Inoculation for artificial epidemics: Fresh sporidial suspension derived from Teliospores
populations obtained from each one year old sample preliminary considered an isolate, collected from various vicinities was used, and inoculum was prepared according to the method of Bonde et al., (1996).
Germinations of teliospores
were obtained on 1% water agar (WA) supplemented with the antibiotic tetracycline.
ellipsoid, rounded at both ends, dark brown, slightly constricted at the septa, 18-21 x 26-32 um; wall 1-1.5 um thick, smooth; germ pore 1 per cell, mostly apical in the distal cell and near the pedicel or at the septum in the proximal cell, hyaline umbos over the germ pores; apex not thickened; pedicel short, hyaline, not persistent, 3-13 um long.
Suwanit, "Effect of temperature and some substrate on teliospore
germination of sugarcane smut and inoculation methods on infection by Ustilago scitaminea," Kasetsart Journal, vol.
Ustilago violacea is also capable of self-fertilization by conjugation between sporidia from the same teliospore
or between adjacent cells of the promycelium (Brefeld, 1883; Harper, 1899; P.
2-celled abundant, sometimes 1-celled, dimorphic, ellipsoid or oblong, golden brown to blackish brown or chestnut, 20-27.5 (-35) x 17.5-20 um (24.4 x 17.7); wall chestnut brown or paler, smooth, 2-3 um thick, not constricted at the septum, spherical at both ends, germ pores 2, upper cell possess apical and lower cell possess near or adjacent to pedicel; papilla hyaline or light brown, 4-6.5 x 6-10 um, pedicel hyaline, deciduous, 10-98.5 x 6.5-9.5 um.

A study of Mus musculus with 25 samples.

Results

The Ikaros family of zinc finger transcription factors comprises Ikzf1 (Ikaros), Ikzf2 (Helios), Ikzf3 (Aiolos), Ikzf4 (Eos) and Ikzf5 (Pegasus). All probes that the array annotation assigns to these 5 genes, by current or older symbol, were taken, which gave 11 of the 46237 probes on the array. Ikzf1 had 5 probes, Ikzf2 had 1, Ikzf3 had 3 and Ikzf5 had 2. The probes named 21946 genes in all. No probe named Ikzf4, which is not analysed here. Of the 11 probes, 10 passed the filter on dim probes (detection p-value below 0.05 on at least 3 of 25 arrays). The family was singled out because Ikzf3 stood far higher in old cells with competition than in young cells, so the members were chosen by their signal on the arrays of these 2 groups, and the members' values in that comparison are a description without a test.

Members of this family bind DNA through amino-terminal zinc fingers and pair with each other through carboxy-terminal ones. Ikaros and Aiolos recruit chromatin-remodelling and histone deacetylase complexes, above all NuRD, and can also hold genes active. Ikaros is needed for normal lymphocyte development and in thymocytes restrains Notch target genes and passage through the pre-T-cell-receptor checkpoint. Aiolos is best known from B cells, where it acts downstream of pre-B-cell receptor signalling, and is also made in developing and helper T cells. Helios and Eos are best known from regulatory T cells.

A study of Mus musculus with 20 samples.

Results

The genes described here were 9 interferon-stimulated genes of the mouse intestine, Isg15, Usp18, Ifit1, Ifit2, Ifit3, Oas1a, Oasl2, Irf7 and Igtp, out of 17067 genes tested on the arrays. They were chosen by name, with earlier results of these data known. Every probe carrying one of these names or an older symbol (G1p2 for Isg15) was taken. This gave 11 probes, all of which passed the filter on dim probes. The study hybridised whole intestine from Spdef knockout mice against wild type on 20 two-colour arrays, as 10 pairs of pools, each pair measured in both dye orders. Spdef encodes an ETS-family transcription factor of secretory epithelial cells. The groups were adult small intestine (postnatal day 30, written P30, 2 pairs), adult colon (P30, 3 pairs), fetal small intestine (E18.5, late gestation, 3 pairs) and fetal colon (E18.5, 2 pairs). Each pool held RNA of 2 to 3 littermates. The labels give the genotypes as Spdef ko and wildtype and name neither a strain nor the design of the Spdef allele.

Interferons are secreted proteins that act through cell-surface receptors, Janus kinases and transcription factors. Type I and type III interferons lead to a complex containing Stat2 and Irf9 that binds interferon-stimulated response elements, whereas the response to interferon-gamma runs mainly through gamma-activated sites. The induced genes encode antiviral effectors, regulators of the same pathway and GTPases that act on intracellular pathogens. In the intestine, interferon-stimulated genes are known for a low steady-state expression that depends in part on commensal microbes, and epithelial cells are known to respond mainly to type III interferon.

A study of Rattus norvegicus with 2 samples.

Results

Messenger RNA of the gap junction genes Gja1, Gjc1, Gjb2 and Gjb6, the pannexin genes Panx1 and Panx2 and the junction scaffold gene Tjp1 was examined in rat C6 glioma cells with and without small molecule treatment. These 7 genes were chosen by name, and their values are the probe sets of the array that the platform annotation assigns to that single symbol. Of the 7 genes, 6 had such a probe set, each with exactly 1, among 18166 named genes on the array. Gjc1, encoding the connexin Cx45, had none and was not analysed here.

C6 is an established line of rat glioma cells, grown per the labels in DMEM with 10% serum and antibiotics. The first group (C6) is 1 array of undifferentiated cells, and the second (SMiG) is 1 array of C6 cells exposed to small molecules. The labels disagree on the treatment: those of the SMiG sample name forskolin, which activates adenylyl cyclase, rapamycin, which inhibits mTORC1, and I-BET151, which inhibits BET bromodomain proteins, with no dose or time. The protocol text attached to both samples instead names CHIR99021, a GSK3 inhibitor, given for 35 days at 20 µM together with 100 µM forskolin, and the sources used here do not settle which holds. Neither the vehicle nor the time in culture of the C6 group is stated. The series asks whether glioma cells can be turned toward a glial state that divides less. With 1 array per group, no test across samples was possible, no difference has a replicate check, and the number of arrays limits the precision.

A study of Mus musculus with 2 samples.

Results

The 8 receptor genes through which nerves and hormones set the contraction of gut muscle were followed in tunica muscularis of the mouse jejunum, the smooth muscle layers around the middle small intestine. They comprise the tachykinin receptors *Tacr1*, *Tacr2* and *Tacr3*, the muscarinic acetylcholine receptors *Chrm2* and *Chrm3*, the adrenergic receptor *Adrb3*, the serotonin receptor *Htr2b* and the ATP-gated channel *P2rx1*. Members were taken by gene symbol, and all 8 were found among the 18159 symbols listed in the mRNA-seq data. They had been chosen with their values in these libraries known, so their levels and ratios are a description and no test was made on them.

Also, the American specimens contained more one-celled teliospores
than the Asian specimens, which were far more likely to contain two-celled teliospores
are produced in sori that supplant the ovaries, rendering infected flowers sterile.
Further, it converts the plant's developing seeds into "bunt balls"--encapsulated, powdery, black masses containing over 10 million teliospores
, which are easily dispersed by wind and rain or mechanical harvest and transport.
After disease infection, mycelia grow within the developing rice kernel, eventually consume the endosperm, and produce numerous spherical black teliospores
(Whitney and Frederiksen, 1975).
Infected plants produce flowers with anthers containing only fungal teliospores
, and spores are transmitted from flower to flower by pollinators.